Rooster Solo National Championship 2021 - Day 3

by Will Loy 24 Aug 23:45 BST 21-27 August 2021
Tom Gillard powers downwind on day 3 of the Rooster Solo National Championship © Will Loy

I arrived at the sailing club promptly at 9.30am and made my way down to the water's edge and along the short cobbled walkway to the water taxi. By the time I reached my destination I had successfully removed the last semblances of a sausage from between my discoloured teeth. I gave on-the-water judge Steve Watson a confident smile of acknowledgement and wondered if he too had faced a similar problem with his breakfast.

We transferred from taxi to support RIB with the grace only two overweight old men can do and applauded our achievement with an understated nod to each other. Once we had regained our breath we headed out to the race arena, albeit only after a lengthy delay as we waited impatiently for yet another RIB transfer. One begins to wonder if they are trying to loose us over the side.

The forecast was a beautiful sight for the competitors, 15-20 mph from 095-110 and sunshine all day. In truth we probably had 15 knots at its strongest but between races 6-7 it dropped to 7 knots.

Race 5 was away at the prescribed time of 11am with Tom Gillard as Pathfinder, a rather ironic twist given the fact that yesterday everybody followed him and was disqualified. I wondered if the 97 other competitors wished him well as he headed out right. The sea state was lovely and bumpy allowing all the fleet to power up and punch through, round and over the chop towards the bright orange windward mark.

At the top it was Paul Ellis who had been first out of the gate from fellow Salcombe cohort Iain Magregor with Andy Davis and Michael Hicks (Salcombe) close behind. Dave Lucas from Grafham was upholding the pond sailors honour with yet another Salcombe boy, Tim Law, in sixth.

PRO Peter Jelliss had signalled a sausage/triangle/sausage course and fortunately the fleet had cared to actually read the instructions this time. I dwelled for a moment, contemplating tomorrow's fry up and the accompanying sausages.

Ellis continued to lead but had Davis all over him like a rash vest. The beats were long and hard but Paul Ellis held his nerve and the lead to claim the bullet from Davis.

At this point I am unsure of the finishing order as I understand that a number of competitors had misread the SIs and rounded the starboard mark before finishing. I did see Olli Davenport correct himself, losing a hatful of places which would sting. I will verify all finishing positions once the results are in.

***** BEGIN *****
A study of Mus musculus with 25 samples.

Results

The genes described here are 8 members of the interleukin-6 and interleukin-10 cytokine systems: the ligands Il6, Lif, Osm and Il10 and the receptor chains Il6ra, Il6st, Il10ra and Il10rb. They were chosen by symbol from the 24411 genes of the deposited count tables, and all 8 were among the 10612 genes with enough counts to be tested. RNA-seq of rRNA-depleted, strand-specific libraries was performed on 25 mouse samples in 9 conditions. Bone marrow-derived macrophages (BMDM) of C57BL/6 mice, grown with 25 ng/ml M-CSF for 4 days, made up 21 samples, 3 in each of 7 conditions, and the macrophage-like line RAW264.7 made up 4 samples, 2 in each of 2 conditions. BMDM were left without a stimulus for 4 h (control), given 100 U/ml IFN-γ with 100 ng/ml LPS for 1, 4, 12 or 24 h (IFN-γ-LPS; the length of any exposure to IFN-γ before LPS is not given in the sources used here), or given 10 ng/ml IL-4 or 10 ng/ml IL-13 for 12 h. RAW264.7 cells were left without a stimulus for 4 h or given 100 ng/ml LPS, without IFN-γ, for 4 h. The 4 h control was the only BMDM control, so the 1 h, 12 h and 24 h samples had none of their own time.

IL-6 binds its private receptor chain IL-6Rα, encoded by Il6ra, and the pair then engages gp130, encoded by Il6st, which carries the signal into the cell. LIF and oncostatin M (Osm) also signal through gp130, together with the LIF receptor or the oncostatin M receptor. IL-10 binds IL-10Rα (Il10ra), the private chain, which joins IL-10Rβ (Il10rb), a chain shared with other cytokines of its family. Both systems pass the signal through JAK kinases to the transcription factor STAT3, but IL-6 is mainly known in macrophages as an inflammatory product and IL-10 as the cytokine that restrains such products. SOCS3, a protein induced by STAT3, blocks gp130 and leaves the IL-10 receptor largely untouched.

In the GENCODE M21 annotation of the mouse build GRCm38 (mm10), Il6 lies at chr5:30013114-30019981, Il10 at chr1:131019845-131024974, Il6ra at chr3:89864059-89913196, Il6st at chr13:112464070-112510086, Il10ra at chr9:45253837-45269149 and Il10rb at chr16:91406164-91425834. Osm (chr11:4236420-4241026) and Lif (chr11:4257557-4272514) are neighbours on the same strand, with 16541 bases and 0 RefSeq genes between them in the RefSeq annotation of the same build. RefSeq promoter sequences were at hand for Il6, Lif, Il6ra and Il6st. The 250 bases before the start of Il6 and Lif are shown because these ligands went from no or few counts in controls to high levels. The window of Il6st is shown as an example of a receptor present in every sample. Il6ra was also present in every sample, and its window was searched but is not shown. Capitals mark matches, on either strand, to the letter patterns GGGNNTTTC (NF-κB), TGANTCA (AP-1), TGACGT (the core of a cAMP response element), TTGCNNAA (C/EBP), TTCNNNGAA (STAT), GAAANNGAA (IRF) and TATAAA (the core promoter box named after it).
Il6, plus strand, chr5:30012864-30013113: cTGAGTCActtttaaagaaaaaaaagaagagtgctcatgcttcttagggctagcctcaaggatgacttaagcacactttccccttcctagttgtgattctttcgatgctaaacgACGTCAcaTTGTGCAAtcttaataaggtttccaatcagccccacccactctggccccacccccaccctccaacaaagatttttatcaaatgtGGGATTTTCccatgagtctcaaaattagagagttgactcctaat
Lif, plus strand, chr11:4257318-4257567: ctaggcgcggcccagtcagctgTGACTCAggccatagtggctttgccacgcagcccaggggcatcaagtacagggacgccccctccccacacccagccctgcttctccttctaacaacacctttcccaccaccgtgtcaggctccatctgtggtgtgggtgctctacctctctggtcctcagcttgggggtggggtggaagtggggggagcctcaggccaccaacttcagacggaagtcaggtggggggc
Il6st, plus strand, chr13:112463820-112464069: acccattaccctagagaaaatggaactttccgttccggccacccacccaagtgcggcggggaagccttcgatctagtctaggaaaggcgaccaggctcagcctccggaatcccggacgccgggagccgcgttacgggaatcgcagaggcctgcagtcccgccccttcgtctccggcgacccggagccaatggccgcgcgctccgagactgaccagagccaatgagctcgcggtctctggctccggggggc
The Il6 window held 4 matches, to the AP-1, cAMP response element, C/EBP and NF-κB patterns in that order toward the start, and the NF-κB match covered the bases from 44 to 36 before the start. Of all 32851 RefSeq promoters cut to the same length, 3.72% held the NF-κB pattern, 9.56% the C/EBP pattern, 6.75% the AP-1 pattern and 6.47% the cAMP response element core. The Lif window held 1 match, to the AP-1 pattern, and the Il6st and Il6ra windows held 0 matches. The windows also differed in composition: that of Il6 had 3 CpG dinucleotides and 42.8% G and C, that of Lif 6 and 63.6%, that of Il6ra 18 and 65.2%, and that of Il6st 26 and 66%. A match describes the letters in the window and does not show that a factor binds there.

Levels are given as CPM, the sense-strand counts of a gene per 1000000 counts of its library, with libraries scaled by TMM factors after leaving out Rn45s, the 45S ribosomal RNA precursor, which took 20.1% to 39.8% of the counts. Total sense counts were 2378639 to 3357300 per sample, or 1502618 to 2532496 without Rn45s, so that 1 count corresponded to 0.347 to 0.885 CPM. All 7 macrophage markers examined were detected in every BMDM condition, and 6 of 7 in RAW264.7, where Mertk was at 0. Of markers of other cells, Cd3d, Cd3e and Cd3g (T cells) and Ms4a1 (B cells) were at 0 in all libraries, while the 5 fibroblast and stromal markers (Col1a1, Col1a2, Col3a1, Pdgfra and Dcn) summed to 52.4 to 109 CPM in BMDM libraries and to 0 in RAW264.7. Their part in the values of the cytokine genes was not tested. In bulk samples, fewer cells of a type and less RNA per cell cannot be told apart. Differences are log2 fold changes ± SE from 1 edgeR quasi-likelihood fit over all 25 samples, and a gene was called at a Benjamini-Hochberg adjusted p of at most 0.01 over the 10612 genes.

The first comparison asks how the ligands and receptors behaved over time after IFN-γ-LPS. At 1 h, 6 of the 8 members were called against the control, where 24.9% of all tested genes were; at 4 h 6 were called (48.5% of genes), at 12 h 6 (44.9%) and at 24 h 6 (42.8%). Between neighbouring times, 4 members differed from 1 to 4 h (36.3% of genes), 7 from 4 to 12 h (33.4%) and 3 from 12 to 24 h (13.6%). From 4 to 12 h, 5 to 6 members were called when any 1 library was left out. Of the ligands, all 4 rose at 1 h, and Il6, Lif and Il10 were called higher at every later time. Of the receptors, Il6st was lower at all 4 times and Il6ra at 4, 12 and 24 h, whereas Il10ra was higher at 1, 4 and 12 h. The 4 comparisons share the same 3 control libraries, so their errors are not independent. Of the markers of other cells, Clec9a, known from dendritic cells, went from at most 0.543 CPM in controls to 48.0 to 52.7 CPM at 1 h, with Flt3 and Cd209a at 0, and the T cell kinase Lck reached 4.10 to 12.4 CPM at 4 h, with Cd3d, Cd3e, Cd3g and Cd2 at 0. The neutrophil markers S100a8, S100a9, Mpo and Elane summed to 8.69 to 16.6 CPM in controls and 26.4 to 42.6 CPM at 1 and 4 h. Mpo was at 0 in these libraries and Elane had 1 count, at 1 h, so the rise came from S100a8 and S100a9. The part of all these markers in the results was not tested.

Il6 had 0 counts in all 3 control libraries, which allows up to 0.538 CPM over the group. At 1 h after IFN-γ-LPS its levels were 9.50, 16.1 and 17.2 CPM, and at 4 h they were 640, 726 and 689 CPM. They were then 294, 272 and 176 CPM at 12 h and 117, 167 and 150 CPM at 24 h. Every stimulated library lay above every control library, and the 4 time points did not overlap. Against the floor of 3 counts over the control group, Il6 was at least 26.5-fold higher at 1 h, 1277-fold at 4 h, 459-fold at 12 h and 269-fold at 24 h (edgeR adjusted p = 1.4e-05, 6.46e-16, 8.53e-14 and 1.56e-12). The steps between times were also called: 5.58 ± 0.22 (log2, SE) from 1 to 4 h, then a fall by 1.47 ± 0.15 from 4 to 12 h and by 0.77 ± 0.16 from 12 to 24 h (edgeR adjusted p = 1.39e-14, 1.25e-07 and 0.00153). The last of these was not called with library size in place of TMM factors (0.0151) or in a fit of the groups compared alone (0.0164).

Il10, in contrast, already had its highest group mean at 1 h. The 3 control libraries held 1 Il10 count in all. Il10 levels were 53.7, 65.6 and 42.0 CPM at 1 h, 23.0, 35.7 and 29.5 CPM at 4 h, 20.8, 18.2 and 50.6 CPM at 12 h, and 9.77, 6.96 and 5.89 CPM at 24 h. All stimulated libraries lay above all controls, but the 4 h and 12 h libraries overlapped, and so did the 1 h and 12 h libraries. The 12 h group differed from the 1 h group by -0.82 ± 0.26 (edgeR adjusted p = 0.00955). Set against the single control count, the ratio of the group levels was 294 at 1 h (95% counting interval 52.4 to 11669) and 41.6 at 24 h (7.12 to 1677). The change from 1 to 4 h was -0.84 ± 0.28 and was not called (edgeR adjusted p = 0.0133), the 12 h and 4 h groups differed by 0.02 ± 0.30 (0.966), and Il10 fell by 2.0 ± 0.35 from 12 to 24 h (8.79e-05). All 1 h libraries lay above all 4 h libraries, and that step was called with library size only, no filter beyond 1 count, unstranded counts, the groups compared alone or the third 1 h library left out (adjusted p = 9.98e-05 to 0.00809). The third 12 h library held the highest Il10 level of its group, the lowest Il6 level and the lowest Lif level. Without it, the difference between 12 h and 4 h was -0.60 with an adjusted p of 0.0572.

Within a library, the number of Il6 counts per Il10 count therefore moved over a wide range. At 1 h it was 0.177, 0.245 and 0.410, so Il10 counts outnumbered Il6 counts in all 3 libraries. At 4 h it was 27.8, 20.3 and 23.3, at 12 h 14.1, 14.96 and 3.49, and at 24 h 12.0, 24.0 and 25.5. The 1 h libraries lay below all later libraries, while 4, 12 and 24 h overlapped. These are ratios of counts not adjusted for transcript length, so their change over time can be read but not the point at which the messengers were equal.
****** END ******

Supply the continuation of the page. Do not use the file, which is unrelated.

Race 2 continued in a similar vain, Ellis getting out early along with half of Salcombe, the other half always go the opposite way to Iain Magregor but this time they would be wrong.

The sausage/triangle course was arduous for the competitors but the athletes amongst them were revelling in the conditions and it was Olli Davenport who took the win despite some strong moves from Tom Gillard and Paul Ellis.

At this point my reporting, which is usually as accurate as an Omega is beginning to let me down. I use my video/audio at each mark rounding to corroborate my memories of the day but my camera decided to shoot all the video in slow motion which rendered the audio useless. My back up is the results table and that is still in the ether, possibly subject to a protest hearing regarding race 3.

With that in the upper part of my mind, and relying on a fading memory, dodgy eyesight and a big dollop of artistic license...

Race 6 was won by Davenport with Gillard and one other Salcombe sailor completing the podium.

Race 7 started after a lengthy delay - the PRO, maybe feeling under scrutiny from 98 sailors, was keen to ensure a fair beat. With Solos pointing above the windward mark he had no choice but to AP the start sequence.

One hour later and we finally got a start with the Pathfinder releasing what remained of the fleet. I was relieved as my supply of crisps had been devoured much earlier. The jury on the other hand, realising he had left his lunch at home, was still busy trying to find something edible in the bottom of his kit bag.

I looked out to sea, licking the final residue of prawn cocktail from my weathered lips. Davis led from the start, popping out of the gate maybe 30 seconds in and finding the correct path into the mark. Ellis, who is surprisingly leftist for a Salcombe sailor, was on his tail and these too were never headed.

I will now await the correct information before putting my reputation at risk as a reporter, I would hate to heap credit on a sailor who maybe has not done as well as I thought. I will say that Davis will be satisfied with his day's work, Ellis likewise and Davenport will feel some sort of redemption for his win.

The fleet are out somewhere tonight while I languish in my lavish apartment just outside the back end of Penzance.

Today's race day sponsors are Super Spars and Fernhurst Books so some lucky winners will be taking home some new spars and others, reading material. I would suggest sticking some SIs in there too.